The Samsung Galaxy Ace 2 offers a much better browsing experience compared to its predecessor, thanks to the bigger, higher-res screen. With the minimalist (but functional) interface of the Android browser, you have plenty of room left for even complex web pages.
The browser supports both double tap and pinch zooming along with the new two-finger tilt zoom. There are niceties such as multiple tabs, text reflow, and find on page. A neat trick is to pinch zoom out beyond the minimum - that opens up the tabs view.
Yet another neat trick is the browser-specific brightness setting. You can, for example, boost the brightness in the browser to comfortably view your web pages but keep the general brightness low to conserve battery.
There's Flash 11 support, which means you can watch YouTube videos right in the browser (720p videos stuttered, though this might be a software issue as the Ace Plus had no problems with them) and play Flash games too.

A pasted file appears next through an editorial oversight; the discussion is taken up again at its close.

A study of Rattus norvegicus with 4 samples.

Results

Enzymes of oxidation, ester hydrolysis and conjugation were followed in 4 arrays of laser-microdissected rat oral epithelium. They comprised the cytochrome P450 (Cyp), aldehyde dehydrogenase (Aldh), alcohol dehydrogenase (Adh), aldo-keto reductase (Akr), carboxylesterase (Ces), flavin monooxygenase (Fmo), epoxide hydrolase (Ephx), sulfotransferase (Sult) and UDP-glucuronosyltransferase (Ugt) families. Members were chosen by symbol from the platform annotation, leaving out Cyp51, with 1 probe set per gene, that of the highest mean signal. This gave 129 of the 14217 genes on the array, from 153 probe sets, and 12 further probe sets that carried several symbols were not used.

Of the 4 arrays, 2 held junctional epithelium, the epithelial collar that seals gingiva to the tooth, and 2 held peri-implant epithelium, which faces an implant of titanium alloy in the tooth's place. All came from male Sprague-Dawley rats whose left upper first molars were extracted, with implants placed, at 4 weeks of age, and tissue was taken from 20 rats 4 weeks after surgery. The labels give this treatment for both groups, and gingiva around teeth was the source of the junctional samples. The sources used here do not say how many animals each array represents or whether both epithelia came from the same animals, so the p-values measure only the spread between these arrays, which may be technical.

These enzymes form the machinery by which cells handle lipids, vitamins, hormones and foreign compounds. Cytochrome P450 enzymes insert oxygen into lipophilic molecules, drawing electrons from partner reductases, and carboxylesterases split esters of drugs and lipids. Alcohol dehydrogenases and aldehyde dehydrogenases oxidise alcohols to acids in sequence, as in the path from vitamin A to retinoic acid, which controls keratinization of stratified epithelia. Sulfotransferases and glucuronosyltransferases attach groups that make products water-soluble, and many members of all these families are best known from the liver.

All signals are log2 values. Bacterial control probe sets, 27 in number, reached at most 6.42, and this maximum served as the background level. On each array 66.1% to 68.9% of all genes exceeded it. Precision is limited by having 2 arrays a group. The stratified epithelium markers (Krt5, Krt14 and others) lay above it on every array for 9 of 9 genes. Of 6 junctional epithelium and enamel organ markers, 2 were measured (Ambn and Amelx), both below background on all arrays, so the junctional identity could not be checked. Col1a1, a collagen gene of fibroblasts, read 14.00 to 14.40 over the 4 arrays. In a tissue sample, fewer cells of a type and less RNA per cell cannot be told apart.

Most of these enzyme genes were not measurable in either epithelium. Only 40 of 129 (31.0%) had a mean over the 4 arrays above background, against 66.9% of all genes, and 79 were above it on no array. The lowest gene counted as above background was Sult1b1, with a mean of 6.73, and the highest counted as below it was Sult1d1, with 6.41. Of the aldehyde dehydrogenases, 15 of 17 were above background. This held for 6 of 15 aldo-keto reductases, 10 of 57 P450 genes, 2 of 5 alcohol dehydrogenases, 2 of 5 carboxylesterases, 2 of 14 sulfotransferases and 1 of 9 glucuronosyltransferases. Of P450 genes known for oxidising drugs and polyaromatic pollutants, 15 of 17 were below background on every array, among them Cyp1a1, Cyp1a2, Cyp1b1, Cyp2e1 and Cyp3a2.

The definition of "mid-range" has been quite stretched recently: anything below flagships seems to get lumped into this category.
But the Samsung Galaxy Ace 2 I8160 is it - no weak points but no over-the-top specs either to drive the price up. The phone offers an easy entry into the dual-core world, with a proven software package by Samsung and Google.
The video and music players deserve commendations as even some high-end phone choke on MKVs or don't bother with FLAC support. The still camera is pretty impressive too and there's a more than decent PLS LCD screen (which we wish was brighter).
The deciding factor on the future success of the Galaxy Ace 2 I8160 is price and, at this point, we can only guess.
Even if it's cheaper than a Galaxy S Advance or a Galaxy R (as it almost certainly will), it will have to compete with old dual-core droids whose price has plummeted (e.g. the LG Optimus 2X, HTC EVO 3). Still, the Galaxy Ace 2 seems like a smartphone to keep an eye on if you want value for your money.